J. Richard “Dick” Steffy stood inside the limestone hall of the Crusader castle in Cyprus and looked at the wood fragments arrayed before him. They were old beyond belief. For more than two millennia they had remained on the sea floor, eaten by worms and soaking up seawater until they had the consistency of wet cardboard. There were some 6,000 pieces in all, and Steffy’s job was to put them all back together in their original shape like some massive, ancient jigsaw puzzle.
He had volunteered for the job even though he had no qualifications for it. For twenty-five years he’d been an electrician in a small, land-locked town in Pennsylvania. He held no advanced degrees—his understanding of ships was entirely self-taught. Yet he would find himself half a world away from his home town, planning to reassemble a ship that last sailed during the reign of Alexander the Great, and he planned to do it using mathematical formulas and modeling techniques that he’d developed in his basement as a hobby.
The first person ever to reconstruct an ancient ship from its sunken fragments, Steffy said ships spoke to him. Steffy joined a team, including friend and fellow scholar George Bass, that laid a foundation for the field of nautical archaeology. Eventually moving to Texas A&M University, his lack of the usual academic credentials caused him to be initially viewed with skepticism by the university’s administration. However, his impressive record of publications and his skilled teaching eventually led to his being named a full professor. During the next thirty years of study, reconstruction, and modeling of submerged wrecks, Steffy would win a prestigious MacArthur Foundation “genius” grant and would train most of the preeminent scholars in the emerging field of nautical archaeology.
Richard Steffy’s son Loren, an accomplished journalist, has mined family memories, archives at Texas A&M and elsewhere, his father’s papers, and interviews with former colleagues to craft not only a professional biography and adventure story of the highest caliber, but also the first history of a field that continues to harvest important new discoveries from the depths of the world’s oceans.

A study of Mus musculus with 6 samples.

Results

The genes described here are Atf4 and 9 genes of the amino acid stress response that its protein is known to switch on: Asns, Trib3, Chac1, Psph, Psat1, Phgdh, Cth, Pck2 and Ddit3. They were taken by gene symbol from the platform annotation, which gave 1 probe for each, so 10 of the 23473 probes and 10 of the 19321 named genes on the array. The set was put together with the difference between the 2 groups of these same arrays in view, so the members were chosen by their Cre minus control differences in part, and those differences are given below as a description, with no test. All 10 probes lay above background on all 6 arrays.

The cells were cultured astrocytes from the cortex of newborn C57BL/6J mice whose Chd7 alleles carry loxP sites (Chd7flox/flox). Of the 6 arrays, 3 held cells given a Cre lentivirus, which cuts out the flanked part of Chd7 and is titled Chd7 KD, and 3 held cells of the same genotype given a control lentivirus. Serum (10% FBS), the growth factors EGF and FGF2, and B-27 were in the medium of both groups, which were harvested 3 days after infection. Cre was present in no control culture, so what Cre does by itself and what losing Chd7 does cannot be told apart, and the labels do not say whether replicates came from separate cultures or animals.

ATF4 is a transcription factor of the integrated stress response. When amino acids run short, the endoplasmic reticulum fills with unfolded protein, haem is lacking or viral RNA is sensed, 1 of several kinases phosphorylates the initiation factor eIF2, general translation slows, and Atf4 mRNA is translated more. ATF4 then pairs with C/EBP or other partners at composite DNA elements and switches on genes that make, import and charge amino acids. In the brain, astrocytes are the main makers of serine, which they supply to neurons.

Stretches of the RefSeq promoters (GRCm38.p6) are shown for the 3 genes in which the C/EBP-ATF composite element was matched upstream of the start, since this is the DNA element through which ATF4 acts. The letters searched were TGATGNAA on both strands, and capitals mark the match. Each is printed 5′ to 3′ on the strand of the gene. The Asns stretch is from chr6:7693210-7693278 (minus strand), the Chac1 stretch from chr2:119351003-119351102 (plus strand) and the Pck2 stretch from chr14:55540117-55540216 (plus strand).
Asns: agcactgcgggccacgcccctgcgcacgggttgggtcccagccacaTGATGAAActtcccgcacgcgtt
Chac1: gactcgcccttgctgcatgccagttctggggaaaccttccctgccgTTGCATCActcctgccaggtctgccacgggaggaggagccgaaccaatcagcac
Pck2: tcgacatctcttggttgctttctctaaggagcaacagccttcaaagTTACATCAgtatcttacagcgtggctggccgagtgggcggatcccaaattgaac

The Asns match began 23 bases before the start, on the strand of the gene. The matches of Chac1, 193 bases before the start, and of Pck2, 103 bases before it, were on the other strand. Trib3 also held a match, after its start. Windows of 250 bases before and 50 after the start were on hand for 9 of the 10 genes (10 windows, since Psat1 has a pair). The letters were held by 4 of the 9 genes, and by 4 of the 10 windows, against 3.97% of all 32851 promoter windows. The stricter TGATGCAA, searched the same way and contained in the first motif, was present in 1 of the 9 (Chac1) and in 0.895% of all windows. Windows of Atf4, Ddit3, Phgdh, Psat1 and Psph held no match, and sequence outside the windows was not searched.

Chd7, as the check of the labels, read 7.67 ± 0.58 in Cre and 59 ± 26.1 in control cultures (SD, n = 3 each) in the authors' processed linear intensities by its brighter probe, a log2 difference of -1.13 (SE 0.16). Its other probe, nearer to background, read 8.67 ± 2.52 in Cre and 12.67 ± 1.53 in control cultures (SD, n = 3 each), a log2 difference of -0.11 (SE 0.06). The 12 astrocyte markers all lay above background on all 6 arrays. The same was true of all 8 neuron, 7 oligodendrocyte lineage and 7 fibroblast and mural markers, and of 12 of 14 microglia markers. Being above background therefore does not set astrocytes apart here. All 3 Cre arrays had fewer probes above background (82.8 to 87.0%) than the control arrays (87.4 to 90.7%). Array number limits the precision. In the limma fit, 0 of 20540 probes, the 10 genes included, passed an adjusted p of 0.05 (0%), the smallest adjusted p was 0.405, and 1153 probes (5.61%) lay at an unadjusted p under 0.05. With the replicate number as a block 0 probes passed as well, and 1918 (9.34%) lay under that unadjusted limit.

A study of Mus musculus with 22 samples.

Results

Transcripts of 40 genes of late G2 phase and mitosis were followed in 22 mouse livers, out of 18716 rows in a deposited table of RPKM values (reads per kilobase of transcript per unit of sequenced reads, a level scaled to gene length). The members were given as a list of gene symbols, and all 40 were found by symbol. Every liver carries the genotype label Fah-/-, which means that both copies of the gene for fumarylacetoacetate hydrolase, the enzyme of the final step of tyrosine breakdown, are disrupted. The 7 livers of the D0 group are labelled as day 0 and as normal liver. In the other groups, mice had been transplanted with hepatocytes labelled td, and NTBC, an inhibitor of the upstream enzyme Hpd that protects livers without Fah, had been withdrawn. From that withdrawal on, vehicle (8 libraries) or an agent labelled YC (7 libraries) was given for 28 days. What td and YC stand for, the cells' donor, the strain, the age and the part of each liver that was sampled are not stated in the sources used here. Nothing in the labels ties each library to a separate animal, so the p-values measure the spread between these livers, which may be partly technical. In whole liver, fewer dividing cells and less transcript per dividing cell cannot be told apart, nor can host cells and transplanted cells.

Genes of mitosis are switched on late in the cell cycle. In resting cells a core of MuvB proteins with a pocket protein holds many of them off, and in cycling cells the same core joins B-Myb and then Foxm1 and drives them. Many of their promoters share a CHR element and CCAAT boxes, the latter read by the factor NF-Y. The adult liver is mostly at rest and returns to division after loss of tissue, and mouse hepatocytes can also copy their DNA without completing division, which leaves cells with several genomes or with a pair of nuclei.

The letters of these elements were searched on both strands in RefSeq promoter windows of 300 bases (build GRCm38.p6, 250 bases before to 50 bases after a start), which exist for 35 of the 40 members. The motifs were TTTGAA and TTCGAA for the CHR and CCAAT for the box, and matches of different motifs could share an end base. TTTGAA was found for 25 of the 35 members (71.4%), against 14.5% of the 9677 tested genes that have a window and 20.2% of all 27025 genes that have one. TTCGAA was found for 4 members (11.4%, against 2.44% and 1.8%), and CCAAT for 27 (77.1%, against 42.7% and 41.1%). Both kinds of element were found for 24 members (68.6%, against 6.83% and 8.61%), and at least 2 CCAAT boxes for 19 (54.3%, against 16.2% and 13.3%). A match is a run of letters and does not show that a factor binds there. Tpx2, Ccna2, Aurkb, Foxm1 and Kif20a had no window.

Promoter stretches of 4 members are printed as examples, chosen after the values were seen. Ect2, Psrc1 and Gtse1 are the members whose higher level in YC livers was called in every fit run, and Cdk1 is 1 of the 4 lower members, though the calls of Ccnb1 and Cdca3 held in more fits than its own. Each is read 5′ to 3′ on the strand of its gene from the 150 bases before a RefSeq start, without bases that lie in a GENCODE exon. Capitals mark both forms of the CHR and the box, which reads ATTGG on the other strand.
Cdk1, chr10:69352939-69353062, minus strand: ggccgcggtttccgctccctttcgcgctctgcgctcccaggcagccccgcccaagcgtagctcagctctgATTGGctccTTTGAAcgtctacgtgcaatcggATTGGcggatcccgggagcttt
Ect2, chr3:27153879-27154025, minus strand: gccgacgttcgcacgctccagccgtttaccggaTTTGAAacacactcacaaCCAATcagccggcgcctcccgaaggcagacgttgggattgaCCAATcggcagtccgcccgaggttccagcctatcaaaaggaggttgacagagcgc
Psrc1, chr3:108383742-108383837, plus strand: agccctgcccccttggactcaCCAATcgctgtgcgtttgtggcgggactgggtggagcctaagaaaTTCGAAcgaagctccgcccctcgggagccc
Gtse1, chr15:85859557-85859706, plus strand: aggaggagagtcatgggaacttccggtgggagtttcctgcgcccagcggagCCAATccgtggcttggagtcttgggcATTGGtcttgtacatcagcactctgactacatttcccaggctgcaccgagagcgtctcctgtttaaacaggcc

*Published by: Texas A&M University Press
Loren Steffy is the author of five books of nonfiction: Deconstructed: An Insider's View of Illegal Immigration and the Building Trades (with Stan Marek); The Last Trial of T. Boone Pickens (with Chrysta Castañeda); George P. Mitchell: Fracking, Sustainability, and an Unorthodox Quest to Save the Planet; The Man Who Thought Like a Ship; and Drowning in Oil: BP and the Reckless Pursuit of Profit." He is also the author of a novel, The Big Empty, which combines a sweeping appreciation for history and the struggles of small-town America with an examination of technology and the social and economic changes that come about when the two meet head to head.
Steffy is also a writer-at-large for Texas Monthly and a managing director for the communications firm 30 Point Strategies, where he heads the 30 Point Press publishing imprint. He is the founder of his own imprint, Stoney Creek Publishing, a company committed to stories and narratives from unique voices. Stoney Creek has an award-winning team of editors and designers who are committed to producing high-quality books in less time and with fewer hurdles than traditional publishing.
He writes a regular blog, Loren Steffy's Writings and Ramblings, which can be viewed through his website at www.lorensteffy.com. He has appeared on CNBC, Fox Business, MSNBC, the BBC and the PBS NewsHour, and is regular guest on local television and radio news programs in Houston.
Prior to his current positions, Steffy was the business columnist for the Houston Chronicle for nine years and his writing has been published in newspapers and other publications nationwide.
Before joining the Chronicle, Steffy was the Dallas bureau chief and a senior writer for Bloomberg News for twelve years. He covered a variety of business topics in Texas and across the country, including the collapse of Enron. His reporting on the demise of Arthur Andersen was selected for the 2003 edition of the "Best Business Stories of the Year." Before joining Bloomberg, Steffy worked at the Dallas Times Herald, the Dallas Business Journal and the Arlington Daily News.
Steffy holds a bachelor's degree in journalism from Texas A&M University. He and his wife, Laura, live in Wimberley, Texas, and share their home with 3 rescue dogs and an ungrateful cat.